ICU Patients Lose Helpful Gut Bacteria within Days of Hospital Admission
Washington, DC – August 31, 2016 – The microbiome of patients admitted to the intensive care unit (ICU) at a hospital differs dramatically from that of healthy patients, according to a new study published in mSphere. Researchers analyzing microbial taxa in ICU patients' guts, mouth and skin reported finding dysbiosis, or a bacterial imbalance, that worsened during a patient's stay in the hospital. Compared to healthy people, ICU patients had depleted populations of commensal, health-promoting microbes and higher counts of bacterial taxa with pathogenic strains – leaving patients vulnerable to hospital-acquired infections that may lead to sepsis, organ failure and potentially death.
Researchers Identify Multidrug-resistant E. coli Bacteria from New Jersey Patient
Washington, DC – August 29, 2016 – New Jersey researchers have identified what is believed to be the first strain of Escherichia coli bacteria from a patient in the United States that harbored two mobile genes making it resistant to both broad spectrum carbapenem antibiotics as well as colistin, an older antibiotic increasingly used as a last resort for multidrug-resistant infections. Their report is published this week in mBio®, an online open-access journal of the American Society for Microbiology.
Bacteria in Smokeless Tobacco Products May be a Health Concern
Washington, DC - August 26, 2016 - Several species of bacteria found in smokeless tobacco products have been associated with opportunistic infections, according to a paper published August 25 in Applied and Environmental Microbiology, a journal of the American Society for Microbiology.
Improving Food Quality by Studying the Microbial Composition of Raw Milk
Washington, DC – August 23, 2016 –Findings from a new study, reported in the journal mBio, may help food companies improve the quality of dairy products. The researchers have discovered that bacteria in raw milk arriving at dairy processing facilities are highly diverse and differ according to season, but still contain a core microbiota.
New Zika Clone Could be New Model for Developing Vaccine
Washington, DC – August 23, 2016 – Stopping the explosive spread of Zika virus – which can lead to birth defects in babies born to infected mothers – depends on genetic insights gleaned through new tools and models. Researchers at the National Institutes of Health recently cloned an epidemic strain of the virus, creating a model that can help biologists develop and test strategies for stopping the pandemic.
Antibiotic Resistant E. coli Found In Drinking Water
Washington, DC – August 22, 2016 – Antibiotic resistant E. coli has been found in multiple drinking water supplies in France. The resistance counters the critically important cephalosporin antibiotics. The findings highlight the presence of expanding reservoirs of these resistance genes, including reservoirs in the environment. The research is published August 22 in Antimicrobial Agents and Chemotherapy, a journal of the American Society for Microbiology.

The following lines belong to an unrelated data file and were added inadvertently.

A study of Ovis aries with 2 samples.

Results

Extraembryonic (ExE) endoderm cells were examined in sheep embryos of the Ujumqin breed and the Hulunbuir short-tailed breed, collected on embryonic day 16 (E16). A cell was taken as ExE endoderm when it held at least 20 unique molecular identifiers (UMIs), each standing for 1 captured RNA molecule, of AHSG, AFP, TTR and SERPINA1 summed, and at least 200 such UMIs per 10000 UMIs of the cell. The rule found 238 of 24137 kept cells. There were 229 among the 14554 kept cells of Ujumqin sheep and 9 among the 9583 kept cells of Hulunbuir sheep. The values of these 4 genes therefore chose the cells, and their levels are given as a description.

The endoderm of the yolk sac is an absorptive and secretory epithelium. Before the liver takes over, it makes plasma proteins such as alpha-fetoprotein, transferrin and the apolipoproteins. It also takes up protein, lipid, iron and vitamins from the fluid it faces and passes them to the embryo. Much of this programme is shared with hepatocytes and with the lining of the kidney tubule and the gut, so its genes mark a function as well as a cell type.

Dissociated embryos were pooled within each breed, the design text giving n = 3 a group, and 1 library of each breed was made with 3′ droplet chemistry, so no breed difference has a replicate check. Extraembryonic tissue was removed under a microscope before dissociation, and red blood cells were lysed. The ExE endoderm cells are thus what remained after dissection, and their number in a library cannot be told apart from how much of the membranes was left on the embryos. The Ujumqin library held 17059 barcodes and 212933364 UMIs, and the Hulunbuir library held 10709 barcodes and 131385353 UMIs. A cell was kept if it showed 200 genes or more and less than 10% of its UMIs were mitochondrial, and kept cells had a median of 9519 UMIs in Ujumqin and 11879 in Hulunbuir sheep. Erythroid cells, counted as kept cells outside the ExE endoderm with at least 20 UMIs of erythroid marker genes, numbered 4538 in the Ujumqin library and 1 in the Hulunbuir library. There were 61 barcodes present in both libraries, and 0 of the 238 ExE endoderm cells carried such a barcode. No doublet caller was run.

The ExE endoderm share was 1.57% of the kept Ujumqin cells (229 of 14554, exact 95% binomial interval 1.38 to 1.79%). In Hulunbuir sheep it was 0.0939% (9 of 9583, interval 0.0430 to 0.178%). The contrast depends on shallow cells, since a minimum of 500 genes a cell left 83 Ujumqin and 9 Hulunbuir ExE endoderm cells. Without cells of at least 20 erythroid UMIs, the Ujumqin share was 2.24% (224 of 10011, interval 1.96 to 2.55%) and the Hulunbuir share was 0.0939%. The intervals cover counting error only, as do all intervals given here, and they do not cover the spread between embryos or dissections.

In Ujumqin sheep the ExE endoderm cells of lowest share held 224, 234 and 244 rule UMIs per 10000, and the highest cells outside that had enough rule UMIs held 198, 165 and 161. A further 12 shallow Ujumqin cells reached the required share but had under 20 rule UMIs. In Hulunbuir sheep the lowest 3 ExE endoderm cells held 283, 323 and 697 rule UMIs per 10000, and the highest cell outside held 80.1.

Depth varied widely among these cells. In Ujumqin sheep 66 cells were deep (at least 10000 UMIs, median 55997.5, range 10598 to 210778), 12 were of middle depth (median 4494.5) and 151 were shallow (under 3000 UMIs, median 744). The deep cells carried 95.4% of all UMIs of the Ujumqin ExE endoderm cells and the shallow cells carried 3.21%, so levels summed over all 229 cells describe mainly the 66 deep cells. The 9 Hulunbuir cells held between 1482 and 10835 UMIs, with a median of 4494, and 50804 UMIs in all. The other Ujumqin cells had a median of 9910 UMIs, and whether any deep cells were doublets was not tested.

Investigators Map Genomes of Three Historically Important Zika Strains
Washington, DC - August 18, 2016 - A team of researchers from Utah State University, Logan, has characterized the consensus genome sequences of three historically important Zika virus strains. This work is an important step towards developing antiviral therapeutic and preventive strategies against Zika, and related viruses. The research is published August 18 in Genome Announcements, a journal of the American Society for Microbiology.
Fungus Causing Fatal Infections in Hospitalized Patients Has Unique Growth Patterns
Washington, DC – August 17, 2016 – The multidrug-resistant yeast Candida auris, which has caused fatal infections in some hospitalized patients, has at least two different growth patterns and some of its strains are as capable of causing disease as the most invasive type of yeast called Candida albicans, according to a study published this week in mSphere, an open access journal from the American Society for Microbiology.
For the First Time, Researchers Identify the Secret Genetic Weapon of Clostridium difficile
Washington, DC – August 16, 2016 – A trio of researchers at the University of Texas Health Science Center, School of Public Health in Houston, have identified the location of the genes that control production of toxins that harm people infected by Clostridium difficile bacteria. The gene locus, agr1, forms part of a signaling communication system that produces a small molecule that, in turn, tells the rest of the population to turn on their toxin genes.
Investigators Chart Microbial Ecology of Gingivitis, Periodontitis
Washington, DC – August 12, 2016 – Gingivitis, a common and mild form of gum disease can progress to periodontitis, a more serious infection that damages the soft tissue of the gums and sometimes even destroys the bone supporting the teeth. An international team of researchers and clinicians has charted the microbial ecology of the mouth at all stages of this progression, in nearly 1,000 women in Malawi. This work is laying a foundation of knowledge that could lead to better oral health. The research is published August 12 in Applied and Environmental Microbiology, a journal of the American Society for Microbiology.